Asked By: Raven    Date: May 11    Category: Sharepoint    Views: 1506

We had a phone call at Officetalk <http://www.office-talk.com/> this
week that caused a lot of debate. The caller simply asked "How long does
a SharePoint Project take for 250 users?". Based on my own experience
SharePoint Projects can vary considerably and in fact we have recently
completed a project in just ten days, but have another project that has
already exceeded six months and is still not ready to Go Live. Of
course, a SharePoint Project is never complete as it keeps growing and
changing, but for this article I will take the Project Length as the
number of days, weeks or months (hopefully not years) from the date of
first Project Meeting until the 'Go Live' date.
So here are what I think are the stages you need to include in your
SharePoint Project;
1. Sponsor - Find a top level Management Sponsor for the Project
ideally a Director. (1 week)
2. Project Team - Put together a Project Team. (2 weeks)
3. Resources - Find all available SharePoint resources. Officetalk
Project Checklist
<officetalk.faceinteractive.net/index.php?id=66> is an ideal
start. Also UK SharePoint User Group <http://suguk.org/> . (1 week)
4. Information - What have you got already? This should include
list of all documents and systems that are currently used. (3 weeks)
5. New Requirements - What extra information would you like in
SharePoint that you don't already have. How about an IT Helpdesk System?
(1 week)
6. Get Consultant - SharePoint Consultants
<officetalk.faceinteractive.net/index.php?id=12> should know all
about SharePoint and the best add-ons for you. They'll help you avoid
some costly pitfalls. They know them because they have usually suffered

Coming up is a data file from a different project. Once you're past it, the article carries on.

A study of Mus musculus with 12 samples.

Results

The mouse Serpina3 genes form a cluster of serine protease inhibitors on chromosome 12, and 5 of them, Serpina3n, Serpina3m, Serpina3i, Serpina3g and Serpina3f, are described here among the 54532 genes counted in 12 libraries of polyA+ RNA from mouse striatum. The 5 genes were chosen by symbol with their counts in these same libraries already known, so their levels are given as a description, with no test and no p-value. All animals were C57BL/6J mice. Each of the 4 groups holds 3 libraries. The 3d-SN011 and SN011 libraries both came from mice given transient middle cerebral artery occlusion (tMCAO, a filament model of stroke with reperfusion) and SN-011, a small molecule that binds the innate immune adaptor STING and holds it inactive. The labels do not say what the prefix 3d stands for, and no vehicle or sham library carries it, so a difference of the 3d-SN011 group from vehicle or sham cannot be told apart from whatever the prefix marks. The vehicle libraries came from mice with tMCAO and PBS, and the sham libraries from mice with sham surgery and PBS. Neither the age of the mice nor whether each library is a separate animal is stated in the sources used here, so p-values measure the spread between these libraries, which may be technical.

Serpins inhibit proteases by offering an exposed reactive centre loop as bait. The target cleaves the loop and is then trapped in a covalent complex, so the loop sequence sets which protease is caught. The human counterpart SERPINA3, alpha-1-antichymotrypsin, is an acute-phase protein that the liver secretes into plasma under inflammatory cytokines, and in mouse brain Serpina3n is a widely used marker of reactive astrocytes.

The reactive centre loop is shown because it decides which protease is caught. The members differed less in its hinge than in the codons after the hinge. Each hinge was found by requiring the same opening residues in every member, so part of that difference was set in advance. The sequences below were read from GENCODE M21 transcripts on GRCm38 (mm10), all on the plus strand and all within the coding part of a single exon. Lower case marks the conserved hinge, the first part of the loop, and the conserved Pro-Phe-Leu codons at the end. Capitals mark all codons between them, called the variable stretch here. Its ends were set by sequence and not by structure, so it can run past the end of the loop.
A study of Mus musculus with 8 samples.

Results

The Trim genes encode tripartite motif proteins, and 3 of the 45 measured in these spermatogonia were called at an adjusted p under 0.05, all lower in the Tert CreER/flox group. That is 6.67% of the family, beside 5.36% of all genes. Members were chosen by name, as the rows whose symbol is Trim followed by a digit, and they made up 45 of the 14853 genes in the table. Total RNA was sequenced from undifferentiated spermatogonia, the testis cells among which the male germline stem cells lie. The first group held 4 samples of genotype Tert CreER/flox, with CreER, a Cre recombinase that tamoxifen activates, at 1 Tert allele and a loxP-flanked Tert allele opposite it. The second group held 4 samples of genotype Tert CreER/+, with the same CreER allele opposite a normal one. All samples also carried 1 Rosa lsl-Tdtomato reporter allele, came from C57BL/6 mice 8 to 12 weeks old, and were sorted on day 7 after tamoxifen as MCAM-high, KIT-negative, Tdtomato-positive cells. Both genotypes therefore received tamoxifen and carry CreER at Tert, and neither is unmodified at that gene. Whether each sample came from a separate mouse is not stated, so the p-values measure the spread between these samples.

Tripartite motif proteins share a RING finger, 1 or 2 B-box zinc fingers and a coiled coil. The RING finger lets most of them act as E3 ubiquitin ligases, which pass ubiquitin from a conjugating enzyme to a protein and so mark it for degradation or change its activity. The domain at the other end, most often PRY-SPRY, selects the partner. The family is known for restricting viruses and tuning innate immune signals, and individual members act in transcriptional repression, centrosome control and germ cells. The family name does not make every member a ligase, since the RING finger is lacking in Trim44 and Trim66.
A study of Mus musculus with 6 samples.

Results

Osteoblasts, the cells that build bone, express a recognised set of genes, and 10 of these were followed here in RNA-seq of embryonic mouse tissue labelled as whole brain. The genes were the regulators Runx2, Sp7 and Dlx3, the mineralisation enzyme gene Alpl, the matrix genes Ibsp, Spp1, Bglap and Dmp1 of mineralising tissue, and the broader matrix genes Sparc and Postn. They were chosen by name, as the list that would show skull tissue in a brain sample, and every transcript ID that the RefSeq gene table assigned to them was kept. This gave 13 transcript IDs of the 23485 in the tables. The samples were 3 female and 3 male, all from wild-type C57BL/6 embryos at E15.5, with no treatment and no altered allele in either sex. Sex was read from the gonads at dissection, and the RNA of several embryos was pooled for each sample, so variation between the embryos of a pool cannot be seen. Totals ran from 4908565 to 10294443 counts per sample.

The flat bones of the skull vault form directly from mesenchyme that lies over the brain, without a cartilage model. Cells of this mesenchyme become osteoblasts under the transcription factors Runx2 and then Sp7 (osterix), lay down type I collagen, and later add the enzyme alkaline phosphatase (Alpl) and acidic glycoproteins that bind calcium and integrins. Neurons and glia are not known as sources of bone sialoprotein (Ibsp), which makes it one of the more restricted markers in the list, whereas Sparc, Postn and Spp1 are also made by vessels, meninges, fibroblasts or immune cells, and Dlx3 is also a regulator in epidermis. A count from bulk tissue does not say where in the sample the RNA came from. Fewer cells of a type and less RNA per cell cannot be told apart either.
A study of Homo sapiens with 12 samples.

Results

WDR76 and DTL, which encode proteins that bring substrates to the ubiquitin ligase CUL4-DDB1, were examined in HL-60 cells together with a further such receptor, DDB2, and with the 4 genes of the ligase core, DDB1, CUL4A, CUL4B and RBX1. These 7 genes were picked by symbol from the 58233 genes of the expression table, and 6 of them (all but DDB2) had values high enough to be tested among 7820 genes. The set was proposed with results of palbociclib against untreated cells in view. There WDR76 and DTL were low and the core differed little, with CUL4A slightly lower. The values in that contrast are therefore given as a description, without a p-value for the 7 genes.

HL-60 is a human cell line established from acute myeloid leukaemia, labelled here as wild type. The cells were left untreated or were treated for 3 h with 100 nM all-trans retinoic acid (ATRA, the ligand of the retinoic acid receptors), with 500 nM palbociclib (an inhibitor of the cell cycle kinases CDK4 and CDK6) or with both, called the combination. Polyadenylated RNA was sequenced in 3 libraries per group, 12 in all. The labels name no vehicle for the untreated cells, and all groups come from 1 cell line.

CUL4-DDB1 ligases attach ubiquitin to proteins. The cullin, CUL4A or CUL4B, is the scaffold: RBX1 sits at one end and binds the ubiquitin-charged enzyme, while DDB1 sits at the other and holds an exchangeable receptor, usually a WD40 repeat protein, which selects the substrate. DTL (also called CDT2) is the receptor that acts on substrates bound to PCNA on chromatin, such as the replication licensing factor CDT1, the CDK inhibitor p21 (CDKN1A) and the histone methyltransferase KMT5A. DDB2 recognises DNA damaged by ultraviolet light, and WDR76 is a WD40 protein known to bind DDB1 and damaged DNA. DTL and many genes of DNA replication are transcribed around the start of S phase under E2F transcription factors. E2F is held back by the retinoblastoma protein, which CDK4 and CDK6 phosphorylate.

them before. I am told Officetalk are pretty good. (1 week)
7. Scope - Agree the final Scope of the project of phase of the
Project. Make it clear what is and more importantly isn't part of the
Scope. (1 week)
8. Design - With the help of your SharePoint Consultant create the
basic Site structure and sites. (2 weeks)
9. Input - Now fill it with your documents and any other
information you want adding. Linking to Active Directory can also have
great benefit. (3 weeks)
10. Pilot - A Pilot Group
<www.youtube.com/watch is the
best way to start the roll-out because you will find teething problems.
Choose a department who will be big users of the system. Maybe HR or IT.
(3 weeks)
11. Pilot Review - Allow at least two weeks to review comments from
the Pilot Group and make appropriate changes. (2 weeks)
12. End User Training
<officetalk.faceinteractive.net/index.php?id=31> - Even if it is
only one hour all End Users should receive some kind of training in the
basics. This also helps you sell the system to them. (1 week)
13. Roll-out - Now we ready to go. (1 week)
14. Support - Support especially important after the first month of
Roll-Out (4 weeks)
So there we have it SPRINGS DIPPERS.
If you add up the weeks in brackets you will see that it comes to 26
weeks which is six months. This is purely an estimate and project length
really depends on the workload of the Project Team as well as the amount
of data involved.

To read more about this and other SharePoint issues read my SharePoint
blog at http://aboutsharepoint.com


 
Answer #1    Answered By: Gopal Jamakhandi     Answered On: May 11

Looks great.. But like you said it depends on the intimate details. I just did a
project for 150 people by myself and did it in 7 weeks. There was only
installation, configuration plus customization of the site and Extranet
site. Two server farm with App server and WFE server. There are lots of pitfalls
and one that I use now is actually doing an assessment of an existing
environment before starting any work due to pitfalls I have run into where the
system is configured by someone who didnt do the right thing. This is good
information you have given but Microsoft has project  plans available online for
SharePoint with lots of other documentation you can make your own.